Fence Posts - Fence Post Caps
A fence is only as strong as the posts securing it, so it is important to pay attention to the selection and installation of your fence posts.
Wood fence posts
These are among the most commonly used fence posts, and can be secured in several ways. The fence post ends can be installed directly in the ground, secured to hard surfaces with a bracket, or driven into the ground with a spiked bracket, among others. Installation with brackets lends lateral strength, and is helpful in preventing rot by keeping the wood away from soil and water.
However, the most common installation technique is to install the post directly into the ground. Be sure to dig the post holes deep enough to provide lateral strength. Using pressure-treated lumber for this type of installation greatly increases the longevity of your posts. Note that if you cut pressure treated lumber, you should coat the cut ends with preservative – the factory preservative does not permeate the entire diameter of the wood.
Be careful when using concrete to secure wood fence posts. A common mistake is to put concrete in the post hole before inserting the wood post, which allows the concrete to form a cup around the entire bottom of the post. Instead, put the post in first, then the concrete, which will form an open-ended concrete collar around the post. The reason you should do this is that the concrete cup method will hold water, rotting your posts from the bottom up much faster.
For high tension wire fences (like farm fence) that utilize wood posts, wire tension cannot be maintained by relying on the lateral strength from burying the fence post ends underground. In these cases, above-ground wood tensioning structures are used. Corners are reinforced with triangular structures, and mid-fence runs are often reinforced with a wood rail between posts where the post tops are being pulled by the wire tension towards each other.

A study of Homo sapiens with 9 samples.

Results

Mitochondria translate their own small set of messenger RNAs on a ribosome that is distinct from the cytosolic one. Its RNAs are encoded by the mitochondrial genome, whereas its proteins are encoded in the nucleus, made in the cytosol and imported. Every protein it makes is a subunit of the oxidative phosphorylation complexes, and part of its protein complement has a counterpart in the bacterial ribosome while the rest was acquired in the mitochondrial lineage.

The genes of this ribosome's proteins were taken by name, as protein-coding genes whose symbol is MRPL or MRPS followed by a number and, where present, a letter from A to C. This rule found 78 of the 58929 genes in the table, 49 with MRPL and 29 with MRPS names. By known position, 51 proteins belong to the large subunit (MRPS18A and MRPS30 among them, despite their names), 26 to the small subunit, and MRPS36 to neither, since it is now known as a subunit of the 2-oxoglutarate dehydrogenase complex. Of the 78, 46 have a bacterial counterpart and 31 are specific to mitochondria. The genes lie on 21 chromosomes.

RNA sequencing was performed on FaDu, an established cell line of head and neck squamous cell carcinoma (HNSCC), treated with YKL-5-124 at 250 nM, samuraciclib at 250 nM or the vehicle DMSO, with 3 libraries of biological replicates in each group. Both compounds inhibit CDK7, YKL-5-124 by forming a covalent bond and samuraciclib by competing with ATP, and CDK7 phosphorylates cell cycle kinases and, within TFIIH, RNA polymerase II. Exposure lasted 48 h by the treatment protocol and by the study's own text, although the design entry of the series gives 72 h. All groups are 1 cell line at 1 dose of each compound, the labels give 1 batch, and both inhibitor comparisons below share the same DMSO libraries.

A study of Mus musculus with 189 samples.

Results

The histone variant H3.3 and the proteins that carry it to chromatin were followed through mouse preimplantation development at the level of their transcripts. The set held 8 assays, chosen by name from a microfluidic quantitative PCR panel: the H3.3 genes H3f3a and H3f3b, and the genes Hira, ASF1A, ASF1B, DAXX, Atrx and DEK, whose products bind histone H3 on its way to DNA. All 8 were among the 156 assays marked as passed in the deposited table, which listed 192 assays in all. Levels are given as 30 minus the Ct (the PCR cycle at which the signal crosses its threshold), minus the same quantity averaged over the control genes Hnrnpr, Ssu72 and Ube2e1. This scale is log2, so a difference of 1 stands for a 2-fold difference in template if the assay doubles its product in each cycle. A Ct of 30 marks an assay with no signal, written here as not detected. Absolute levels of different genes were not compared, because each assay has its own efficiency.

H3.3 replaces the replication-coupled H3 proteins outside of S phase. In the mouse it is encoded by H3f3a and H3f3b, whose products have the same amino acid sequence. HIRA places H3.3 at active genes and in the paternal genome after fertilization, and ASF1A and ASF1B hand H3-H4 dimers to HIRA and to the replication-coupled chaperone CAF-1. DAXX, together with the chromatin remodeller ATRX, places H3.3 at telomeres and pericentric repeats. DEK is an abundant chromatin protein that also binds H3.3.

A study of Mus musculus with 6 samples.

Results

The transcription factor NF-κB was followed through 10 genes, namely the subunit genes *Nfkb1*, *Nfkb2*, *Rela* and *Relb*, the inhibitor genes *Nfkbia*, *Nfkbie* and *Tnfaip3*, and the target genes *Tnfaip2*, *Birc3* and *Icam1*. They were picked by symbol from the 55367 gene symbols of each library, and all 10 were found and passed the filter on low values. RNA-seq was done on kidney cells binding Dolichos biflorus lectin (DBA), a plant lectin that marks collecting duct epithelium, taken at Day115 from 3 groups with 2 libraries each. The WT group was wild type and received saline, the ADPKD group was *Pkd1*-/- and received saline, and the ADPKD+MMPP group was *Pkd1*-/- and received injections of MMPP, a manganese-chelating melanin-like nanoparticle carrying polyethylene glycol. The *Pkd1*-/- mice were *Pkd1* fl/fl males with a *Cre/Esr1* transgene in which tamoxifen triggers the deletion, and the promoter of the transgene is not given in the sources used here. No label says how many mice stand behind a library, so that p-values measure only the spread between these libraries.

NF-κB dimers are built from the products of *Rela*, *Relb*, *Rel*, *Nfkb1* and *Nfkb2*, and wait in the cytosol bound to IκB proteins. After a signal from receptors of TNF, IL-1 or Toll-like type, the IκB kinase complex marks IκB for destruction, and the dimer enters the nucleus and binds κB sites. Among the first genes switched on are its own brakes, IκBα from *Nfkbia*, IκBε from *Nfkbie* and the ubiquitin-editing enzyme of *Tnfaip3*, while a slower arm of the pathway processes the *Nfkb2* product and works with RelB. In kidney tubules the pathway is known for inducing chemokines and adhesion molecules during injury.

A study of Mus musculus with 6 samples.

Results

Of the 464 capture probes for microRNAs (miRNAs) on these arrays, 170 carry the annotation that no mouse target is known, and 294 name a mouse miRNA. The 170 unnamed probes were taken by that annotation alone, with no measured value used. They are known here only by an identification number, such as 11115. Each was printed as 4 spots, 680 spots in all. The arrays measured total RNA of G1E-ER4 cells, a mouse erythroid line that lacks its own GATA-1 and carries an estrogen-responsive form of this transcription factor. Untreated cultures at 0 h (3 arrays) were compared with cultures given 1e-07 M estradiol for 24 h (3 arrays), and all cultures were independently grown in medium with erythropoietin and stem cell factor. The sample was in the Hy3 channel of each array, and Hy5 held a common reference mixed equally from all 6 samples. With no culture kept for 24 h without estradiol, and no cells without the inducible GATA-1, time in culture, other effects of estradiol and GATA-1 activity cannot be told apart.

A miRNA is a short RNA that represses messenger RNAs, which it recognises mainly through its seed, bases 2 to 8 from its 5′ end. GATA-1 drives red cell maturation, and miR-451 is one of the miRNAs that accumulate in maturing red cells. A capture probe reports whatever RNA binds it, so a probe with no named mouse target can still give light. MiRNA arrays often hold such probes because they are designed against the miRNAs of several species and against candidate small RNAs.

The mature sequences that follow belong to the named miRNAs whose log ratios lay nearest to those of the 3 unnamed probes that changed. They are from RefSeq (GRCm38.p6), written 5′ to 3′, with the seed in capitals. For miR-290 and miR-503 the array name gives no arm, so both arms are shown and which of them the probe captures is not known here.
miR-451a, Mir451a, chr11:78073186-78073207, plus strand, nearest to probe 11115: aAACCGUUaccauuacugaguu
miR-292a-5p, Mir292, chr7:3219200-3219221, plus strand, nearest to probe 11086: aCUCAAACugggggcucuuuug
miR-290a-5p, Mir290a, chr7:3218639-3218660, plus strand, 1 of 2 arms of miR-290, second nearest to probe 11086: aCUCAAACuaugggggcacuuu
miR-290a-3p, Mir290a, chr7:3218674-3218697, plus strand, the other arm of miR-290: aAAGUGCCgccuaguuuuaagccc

Metal fence posts
Metal fence posts are installed similarly to wood posts, with some design consideration differences. Metal does not have the same rot issues as wood, so can easily be installed directly in soil, secured with brackets, or encased in concrete. However, you should only install metal posts into soil for very light duty fencing such as silt fencing, snow fencing and the like. Because the lateral profile of many metal fence posts is small, most are installed in postholes filled with concrete to strengthen them.
A key consideration to metal fence posts is the gauge, or metal thickness, of the posts being installed. Many homeowners and commercial establishments choose thinner gauge posts because they are less expensive, and are less than pleased with the performance of the fence if it is subjected to lateral forces (climbing, bumping, animal activity, or inadvertent contact with moving automobiles) that cause the fence to partially or fully fail.
PVC fence posts
PVC fence posts act much the same way as metal, and are installed similarly. They can be inserted directly into the ground, attached to brackets or inserted in concrete. Because they are impervious to water, rot issues are non-existent. Recent innovations in the manufacture of these posts greatly increase their strength and longevity over earlier models.